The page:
PITTSBURGH -- The Philadelphia Flyers are blaming just about everything.
The Penguins' clutching and grabbing. All the shots goalie Ron Tugnutt is stopping. Their inability to contain Pittsburgh's scorers.
Two games and two losses into an Eastern Conference semifinal the Flyers were expected to win, the fretting might be getting to them.
As the series shifts to Pittsburgh for Game 3 tonight, several Flyers offer this suggestion -- stop complaining, stop looking back and, maybe, stop focusing on what's going wrong and start trying to get it right.
Specifically, the Flyers might want to worry less about why they're not scoring and do a better job of stopping Pittsburgh's scorers. Most of all Jaromir Jagr, who has outscored the Flyers 3-1, even if it seems Tugnutt and his .961 save percentage are getting all the credit for the Penguins' unanticipated 2-0 lead.
Even if the Flyers were solving Tugnutt, they still haven't shut down Pittsburgh's scorers. Jagr has three goals, Robert Lang has two and Martin Straka has a goal and a bunch of assists.
"I don't think they're worrying about me right now," Jagr said Monday, following a hour-long practice. "I've been lucky. Some of the goals we've scored were lucky, especially coming off my stick."
Still, even if the Flyers start solving Tugnutt, they haven't proven they can win a shootout against the Penguins, who have outscored the Flyers and Washington 23-9 in seven playoff games.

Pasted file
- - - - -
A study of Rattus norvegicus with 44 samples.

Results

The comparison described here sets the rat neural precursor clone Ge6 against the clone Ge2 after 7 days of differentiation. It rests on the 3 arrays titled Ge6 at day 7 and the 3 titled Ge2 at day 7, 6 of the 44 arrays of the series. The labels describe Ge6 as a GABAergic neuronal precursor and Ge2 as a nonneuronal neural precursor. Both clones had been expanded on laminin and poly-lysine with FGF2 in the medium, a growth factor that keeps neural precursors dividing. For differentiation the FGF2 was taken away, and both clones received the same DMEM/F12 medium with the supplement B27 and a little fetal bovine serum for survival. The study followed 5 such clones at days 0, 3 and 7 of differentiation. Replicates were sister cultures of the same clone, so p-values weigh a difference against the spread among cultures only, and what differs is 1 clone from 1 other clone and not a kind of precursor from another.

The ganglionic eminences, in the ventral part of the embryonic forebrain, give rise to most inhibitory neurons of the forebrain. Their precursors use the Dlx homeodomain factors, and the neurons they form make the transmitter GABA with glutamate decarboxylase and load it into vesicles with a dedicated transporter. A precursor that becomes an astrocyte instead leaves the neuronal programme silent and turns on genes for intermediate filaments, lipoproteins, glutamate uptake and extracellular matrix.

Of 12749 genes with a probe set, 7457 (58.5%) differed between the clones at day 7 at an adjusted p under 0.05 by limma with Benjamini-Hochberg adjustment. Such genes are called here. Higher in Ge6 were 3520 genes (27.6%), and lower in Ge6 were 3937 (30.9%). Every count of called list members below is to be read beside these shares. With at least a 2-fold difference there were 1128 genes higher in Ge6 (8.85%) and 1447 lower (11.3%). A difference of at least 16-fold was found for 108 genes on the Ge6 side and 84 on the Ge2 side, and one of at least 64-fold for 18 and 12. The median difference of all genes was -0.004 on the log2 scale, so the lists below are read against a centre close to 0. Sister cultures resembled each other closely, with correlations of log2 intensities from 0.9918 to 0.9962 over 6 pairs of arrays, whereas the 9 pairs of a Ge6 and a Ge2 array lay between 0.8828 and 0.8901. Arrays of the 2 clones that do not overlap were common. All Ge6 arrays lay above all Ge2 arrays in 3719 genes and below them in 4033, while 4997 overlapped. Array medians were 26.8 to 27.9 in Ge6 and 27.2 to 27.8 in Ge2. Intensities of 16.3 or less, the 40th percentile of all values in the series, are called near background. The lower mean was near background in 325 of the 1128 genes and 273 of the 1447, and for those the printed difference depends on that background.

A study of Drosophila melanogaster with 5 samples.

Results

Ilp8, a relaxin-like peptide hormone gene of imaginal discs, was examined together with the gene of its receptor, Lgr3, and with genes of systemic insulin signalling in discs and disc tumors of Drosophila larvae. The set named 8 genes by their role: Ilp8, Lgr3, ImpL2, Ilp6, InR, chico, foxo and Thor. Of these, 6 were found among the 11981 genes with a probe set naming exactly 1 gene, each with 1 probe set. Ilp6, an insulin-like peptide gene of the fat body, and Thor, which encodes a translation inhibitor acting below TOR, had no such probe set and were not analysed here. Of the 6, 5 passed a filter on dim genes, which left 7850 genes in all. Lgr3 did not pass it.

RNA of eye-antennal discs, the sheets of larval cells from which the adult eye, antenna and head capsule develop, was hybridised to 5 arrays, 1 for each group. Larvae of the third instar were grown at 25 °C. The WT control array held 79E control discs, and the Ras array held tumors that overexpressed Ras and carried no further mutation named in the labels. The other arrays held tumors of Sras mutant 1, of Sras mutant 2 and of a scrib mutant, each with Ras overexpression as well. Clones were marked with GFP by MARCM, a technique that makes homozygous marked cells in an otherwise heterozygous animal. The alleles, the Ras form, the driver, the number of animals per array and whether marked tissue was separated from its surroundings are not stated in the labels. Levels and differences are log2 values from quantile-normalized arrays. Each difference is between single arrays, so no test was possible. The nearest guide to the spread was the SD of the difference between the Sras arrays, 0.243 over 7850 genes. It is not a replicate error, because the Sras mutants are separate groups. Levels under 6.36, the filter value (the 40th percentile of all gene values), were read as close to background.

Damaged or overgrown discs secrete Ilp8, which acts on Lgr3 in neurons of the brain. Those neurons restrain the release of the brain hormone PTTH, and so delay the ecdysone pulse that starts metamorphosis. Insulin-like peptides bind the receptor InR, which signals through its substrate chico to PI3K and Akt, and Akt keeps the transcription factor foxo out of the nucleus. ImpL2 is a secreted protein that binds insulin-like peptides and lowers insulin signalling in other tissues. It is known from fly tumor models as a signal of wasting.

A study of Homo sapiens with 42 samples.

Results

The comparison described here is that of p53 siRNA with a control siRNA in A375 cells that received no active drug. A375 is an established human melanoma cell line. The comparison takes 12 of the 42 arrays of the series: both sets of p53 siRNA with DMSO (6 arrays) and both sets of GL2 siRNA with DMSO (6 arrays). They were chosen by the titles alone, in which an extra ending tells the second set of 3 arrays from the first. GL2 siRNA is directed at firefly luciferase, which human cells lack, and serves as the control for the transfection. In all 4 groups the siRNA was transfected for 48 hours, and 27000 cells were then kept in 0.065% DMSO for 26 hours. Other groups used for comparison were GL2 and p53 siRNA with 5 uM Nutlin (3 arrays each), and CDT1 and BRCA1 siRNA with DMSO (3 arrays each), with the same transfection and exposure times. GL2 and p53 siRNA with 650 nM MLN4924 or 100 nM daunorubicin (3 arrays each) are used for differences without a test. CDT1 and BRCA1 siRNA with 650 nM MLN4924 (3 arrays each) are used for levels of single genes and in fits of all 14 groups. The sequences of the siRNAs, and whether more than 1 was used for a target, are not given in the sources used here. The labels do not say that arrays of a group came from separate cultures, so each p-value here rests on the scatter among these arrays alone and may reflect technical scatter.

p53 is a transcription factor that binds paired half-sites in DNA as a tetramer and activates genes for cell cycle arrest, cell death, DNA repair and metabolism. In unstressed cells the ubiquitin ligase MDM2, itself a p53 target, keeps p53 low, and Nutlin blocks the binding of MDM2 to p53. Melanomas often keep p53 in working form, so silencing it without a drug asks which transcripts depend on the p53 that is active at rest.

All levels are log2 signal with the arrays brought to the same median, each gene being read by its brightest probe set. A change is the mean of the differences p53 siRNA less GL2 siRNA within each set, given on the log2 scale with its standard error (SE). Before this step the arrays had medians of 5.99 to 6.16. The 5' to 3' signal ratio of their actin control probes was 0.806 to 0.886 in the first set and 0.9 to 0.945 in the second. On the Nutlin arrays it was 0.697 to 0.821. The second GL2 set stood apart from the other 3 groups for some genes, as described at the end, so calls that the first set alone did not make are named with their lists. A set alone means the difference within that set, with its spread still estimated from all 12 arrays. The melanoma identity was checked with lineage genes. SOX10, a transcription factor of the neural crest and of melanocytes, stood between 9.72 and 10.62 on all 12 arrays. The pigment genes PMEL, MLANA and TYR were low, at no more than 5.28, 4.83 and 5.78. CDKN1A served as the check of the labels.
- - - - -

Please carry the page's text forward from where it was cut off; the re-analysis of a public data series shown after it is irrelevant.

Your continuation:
"It doesn't matter what you do if you don't score," Flyers interim coach Craig Ramsay said.
To generate more offense, Ramsay has made two significant lineup changes. Center Daymond Langkow moved up to the first line between John LeClair and Mark Recchi, and the slumping Keith Primeau dropped to the second line with Simon Gagne and Rick Tocchet.
Ramsay also added veteran defenseman Adam Burt into the rotation and removed rookie Mark Eaton.
"I just wanted to give them something to think about, a different look," Ramsay said. "Langkow's played well, Primeau's played well, who knows what will happen once the game gets started."
The Flyers made the changes to try to get to Tugnutt, whose career record is an unremarkable 134-170-9, but clearly is at the top of his game.
The Penguins, never known as a defensive team, also are frustrating the bigger, more aggressive Flyers with their ability to clear out the net, thus preventing Tugnutt from facing a lot of rebounds from bad angles.
"He's in our head right now," Tocchet said.
Maybe it's not just the goaltender, Tugnutt said.
"I think the team in general has thrown them off," Tugnutt said. "The way we've played may not be the same team they faced and beat regularly during the season."
Ramsay argues these changes include flagrant holding, clutching, and hauling down players around the net.
"We don't coach interfering or holding," he said.
Imagine that -- the tough-guy Flyers complaining the Penguins, never known for their physicality, are manhandling them. Now that's an upset.
The Penguins' response? If that's what they're worried about, let them worry, and maybe it will get their minds off playing. Not that the Penguins aren't expecting a desperate, charged-up opponent in Mellon Arena, where the Flyers are 3-14-5 in their last 22 games.
"They'll play the same type of game, they'll play hard and physical," Penguins coach Herb Brooks said. "They do it very well.
"This is not over, and we know it."
Still, the Penguins are aware that if they can again get the early lead, as they did in winning 2-0 in Game 1 and 4-1 in Game 2, the Flyers might start doubting their ability to win the series.
"We don't want to give them any life," Tugnutt said. "We don't want to get behind the 8-ball. We can take a commanding lead, or we can let them get back into it."